Requirements for a Valid Last Will and Testament in California
What is a last will and testament?If you have your loved ones' best interests at heart, you will take the necessary legal steps to ensure that your property goes to them after your demise. You may not need it today and you might have to amend it several times or create other wills but a free California last will and testament will ensure that no one ignores your wishes. It aptly communicates your final wishes with regards to your dependents and possession. Also referred to the primary building block of estate planning, a free last will and testament in California can be used as evidence in court if a dispute arises. Therefore, you should have all the details of the will right from the beginning. An essential step to getting you started involves getting a last will and testament form in California. Among other things, you can use a will to outline what is to happen to your possessions and how to take care of your children, accounts, and interests.
- Before we jump into the prerequisites of a will, here are some of the ways you can use the will:
- Asset distribution
- Appointment of a guardian to care for minor kids when or if the other parent is unavailable. You wouldn't want your kids to suffer or mismanage the inherited property, would you?
- Appointment of an executor: the person responsible for fulfilling your wishes
- Appointment of a caregiver for pets
- Creation of trusts
The Requirements of a last will and testament
- In the legal setting, the person creating the will is the testator or the decedent.
- The person you appoint to make decisions and ensure execution of the provisions of the will is the executor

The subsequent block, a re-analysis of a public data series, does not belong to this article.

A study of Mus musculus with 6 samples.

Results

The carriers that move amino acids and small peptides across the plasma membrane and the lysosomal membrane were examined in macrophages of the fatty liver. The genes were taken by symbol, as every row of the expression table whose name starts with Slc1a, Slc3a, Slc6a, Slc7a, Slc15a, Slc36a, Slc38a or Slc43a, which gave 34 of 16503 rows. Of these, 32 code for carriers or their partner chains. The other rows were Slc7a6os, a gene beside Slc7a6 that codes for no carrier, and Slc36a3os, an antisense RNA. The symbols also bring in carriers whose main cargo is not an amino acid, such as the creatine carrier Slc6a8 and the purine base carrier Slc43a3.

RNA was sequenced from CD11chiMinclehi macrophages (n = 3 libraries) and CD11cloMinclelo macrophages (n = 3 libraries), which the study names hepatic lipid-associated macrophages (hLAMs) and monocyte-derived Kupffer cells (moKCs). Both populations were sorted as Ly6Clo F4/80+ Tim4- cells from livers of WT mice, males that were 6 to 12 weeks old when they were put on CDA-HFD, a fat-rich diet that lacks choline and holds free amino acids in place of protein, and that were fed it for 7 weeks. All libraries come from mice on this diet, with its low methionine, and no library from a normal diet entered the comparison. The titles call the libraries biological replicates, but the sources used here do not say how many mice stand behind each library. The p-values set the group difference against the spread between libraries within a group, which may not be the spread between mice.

- Persons who will benefit or inherit your estate are heirs or beneficiaries.
- The testator should be 18 years or older
- The testator should be capable of making reasonable decisions, and they should create the will out of their own volition.
- For the validity of a free California last will and testament, it should have the signatures of the testator, the person signing on behalf of and under the directives of the testator, and a conservator appointed by the court. It is also necessary to have a minimum of two adult witnesses sign the will.
- It should be in writing since oral wills are unacceptable.
- The format of the will should be standardized as per the provisions of code section Prob. §6100, et seq. And, any declarations should have details similar to those in the form
- This should enlist all beneficiaries of the testator's estate. The beneficiaries of the estate/ property include, but not limited to societies, individuals, corporations, lodges, municipal corporations, and countries, among others.
Are there exceptions to property distribution?Yes. You may not have the authority to distribute all the property with your name on them although you could gift assets with your name in the title.
- Properties you cannot distribute include:
- Joint tenancy property or community property
- Proceeds from life insurance - it has the name of the beneficiary
- Your retirement plan as it already has a designated beneficiary
- Living trusts
- Transfer on death (pay on death) accounts because they have designated beneficiaries.